Feb. 2 (Bloomberg) -- Great Portland Estates Plc, the developer focused on London’s West-End district, may bring in joint-venture partners for its Hanover Square and Rathbone Place developments to raise capital for the projects, according to Chief Executive Officer Toby Courtauld.
The company will need to look at all available financing options for the developments because of their size, the CEO said today in an interview. No deal will materialize in the short- term, he said.
“We’re still seeing a significant amount of equity capital coming into London from overseas, which is keeping property yields low,” Courtauld said. Prices are unlikely to fall soon “because demand levels are still very high, particularly from overseas investors such as sovereign wealth funds.”
Great Portland appointed Ken Shuttleworth’s Make Architects to work on a revised plan for the Rathbone Place site north of the Oxford Street shopping district after buying the asset for 120 million pounds ($190 million) in September. The company may bring in sovereign wealth funds or financial institutions as investors in Hanover Square and Rathbone Place, JPMorgan Cazenove analyst Harm Meijer said in a Jan. 31 note.
The developer expects to submit a new planning application for Rathbone Place in the second half, Courtauld said. The company has permission to develop more than 200,000 square feet of offices, apartments and shops at its Hanover Square site in Mayfair.
The CEO spoke after Great Portland reported that the value of its buildings appreciated by 2.6 percent excluding acquisitions and disposals in the quarter through December as overseas buyers fueled demand for London properties.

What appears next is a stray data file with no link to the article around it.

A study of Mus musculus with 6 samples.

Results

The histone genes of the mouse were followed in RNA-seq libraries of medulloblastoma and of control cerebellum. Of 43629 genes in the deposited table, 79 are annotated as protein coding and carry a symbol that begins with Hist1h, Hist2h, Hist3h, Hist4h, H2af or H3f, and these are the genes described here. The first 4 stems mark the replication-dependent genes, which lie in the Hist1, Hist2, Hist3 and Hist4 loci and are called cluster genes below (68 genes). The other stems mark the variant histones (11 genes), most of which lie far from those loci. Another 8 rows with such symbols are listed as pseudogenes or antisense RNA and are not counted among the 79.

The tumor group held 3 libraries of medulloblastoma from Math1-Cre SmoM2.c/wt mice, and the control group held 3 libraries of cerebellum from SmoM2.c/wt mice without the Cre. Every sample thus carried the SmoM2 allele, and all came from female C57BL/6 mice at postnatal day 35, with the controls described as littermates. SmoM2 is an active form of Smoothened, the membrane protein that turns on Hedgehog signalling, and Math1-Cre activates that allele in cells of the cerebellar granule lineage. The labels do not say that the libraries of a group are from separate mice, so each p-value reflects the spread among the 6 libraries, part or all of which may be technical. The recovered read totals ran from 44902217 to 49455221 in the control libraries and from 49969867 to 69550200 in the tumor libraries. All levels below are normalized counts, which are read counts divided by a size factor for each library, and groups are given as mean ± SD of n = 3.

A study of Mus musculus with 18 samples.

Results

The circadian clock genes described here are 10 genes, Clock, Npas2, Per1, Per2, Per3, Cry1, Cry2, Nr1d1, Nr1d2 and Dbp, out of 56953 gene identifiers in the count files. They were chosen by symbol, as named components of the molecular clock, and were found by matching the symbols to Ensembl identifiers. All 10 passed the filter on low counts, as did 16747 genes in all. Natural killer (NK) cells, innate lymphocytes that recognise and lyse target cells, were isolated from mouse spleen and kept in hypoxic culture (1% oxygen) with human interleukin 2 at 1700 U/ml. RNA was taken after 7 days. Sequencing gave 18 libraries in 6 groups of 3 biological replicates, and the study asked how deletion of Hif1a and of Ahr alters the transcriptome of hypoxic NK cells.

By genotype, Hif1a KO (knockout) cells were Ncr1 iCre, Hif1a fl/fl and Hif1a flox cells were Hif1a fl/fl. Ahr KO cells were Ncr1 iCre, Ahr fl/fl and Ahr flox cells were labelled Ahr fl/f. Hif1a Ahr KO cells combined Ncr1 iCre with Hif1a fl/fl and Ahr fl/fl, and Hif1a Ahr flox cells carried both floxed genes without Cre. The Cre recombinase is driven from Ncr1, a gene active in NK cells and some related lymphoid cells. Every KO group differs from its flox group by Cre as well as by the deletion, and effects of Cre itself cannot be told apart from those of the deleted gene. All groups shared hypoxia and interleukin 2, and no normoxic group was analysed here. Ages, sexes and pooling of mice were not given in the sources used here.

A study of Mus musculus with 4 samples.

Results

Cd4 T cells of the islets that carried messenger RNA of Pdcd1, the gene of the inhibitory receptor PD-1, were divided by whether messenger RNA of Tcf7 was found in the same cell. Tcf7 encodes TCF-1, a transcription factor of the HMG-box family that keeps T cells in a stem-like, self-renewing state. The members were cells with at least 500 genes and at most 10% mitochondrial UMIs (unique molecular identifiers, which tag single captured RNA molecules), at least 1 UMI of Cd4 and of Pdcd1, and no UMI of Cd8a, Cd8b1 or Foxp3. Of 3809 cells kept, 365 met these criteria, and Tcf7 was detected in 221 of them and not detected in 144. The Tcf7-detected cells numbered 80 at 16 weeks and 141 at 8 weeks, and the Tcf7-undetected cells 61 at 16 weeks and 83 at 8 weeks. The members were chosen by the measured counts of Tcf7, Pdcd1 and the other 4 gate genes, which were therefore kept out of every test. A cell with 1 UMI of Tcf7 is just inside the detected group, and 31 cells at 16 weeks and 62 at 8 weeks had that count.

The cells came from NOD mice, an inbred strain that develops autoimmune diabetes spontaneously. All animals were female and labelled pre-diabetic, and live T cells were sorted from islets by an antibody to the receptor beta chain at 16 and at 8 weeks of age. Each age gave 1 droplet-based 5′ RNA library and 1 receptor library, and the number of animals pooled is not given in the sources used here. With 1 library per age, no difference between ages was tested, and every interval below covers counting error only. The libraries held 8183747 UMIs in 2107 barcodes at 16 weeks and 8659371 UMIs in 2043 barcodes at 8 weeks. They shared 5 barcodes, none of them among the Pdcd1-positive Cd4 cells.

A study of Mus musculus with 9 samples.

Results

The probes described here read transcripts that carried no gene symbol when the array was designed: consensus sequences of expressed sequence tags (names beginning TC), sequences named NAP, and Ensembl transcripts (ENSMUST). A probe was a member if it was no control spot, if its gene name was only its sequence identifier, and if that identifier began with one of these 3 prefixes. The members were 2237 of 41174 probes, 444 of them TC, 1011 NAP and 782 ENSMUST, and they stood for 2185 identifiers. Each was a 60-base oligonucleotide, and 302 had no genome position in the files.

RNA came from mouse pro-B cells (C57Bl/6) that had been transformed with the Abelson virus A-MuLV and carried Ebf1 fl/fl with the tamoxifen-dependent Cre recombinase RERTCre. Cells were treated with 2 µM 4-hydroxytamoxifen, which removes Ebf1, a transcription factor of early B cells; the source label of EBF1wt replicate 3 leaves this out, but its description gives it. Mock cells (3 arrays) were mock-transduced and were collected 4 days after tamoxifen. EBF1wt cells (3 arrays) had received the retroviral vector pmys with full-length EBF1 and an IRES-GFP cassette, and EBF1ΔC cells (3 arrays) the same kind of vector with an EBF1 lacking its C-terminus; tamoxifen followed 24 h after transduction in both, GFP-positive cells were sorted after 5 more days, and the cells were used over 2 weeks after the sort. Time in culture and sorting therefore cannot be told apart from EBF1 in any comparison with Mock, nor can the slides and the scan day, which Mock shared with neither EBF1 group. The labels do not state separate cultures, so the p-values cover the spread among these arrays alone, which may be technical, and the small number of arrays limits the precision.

Great Portland is in talks with potential buyers for half of the company’s 50 percent stake in 100 Bishopsgate, an office tower project in the City of London financial district, Courtauld said. Construction won’t proceed until a tenant agrees to lease at least a “significant” amount of the building in advance, the CEO said in November.
“There are not that many tenants looking for pre-let space in the City, as you might expect given the financial services community is having a rough ride. However, there are some, and we will be talking to them,” he said.
The remaining 50 percent stake in 100 Bishopsgate is owned by Brookfield Office Properties, lower Manhattan’s largest landlord. The company doesn’t plan to increase the stake, Martin Jepson, senior vice president for development and investment, said by e-mail on Jan. 19.
Great Portland will look at a “mixed bag” of acquisitions this year, including distressed assets. The CEO doesn’t expect a surge in forced sales.
“That’s partly because London has typically not been a highly levered investment market, it tends to be quite a high equity market,” Courtauld said. “You have to look very hard. You have to dig around in the undergrowth to find interesting deals and that’s what we do.”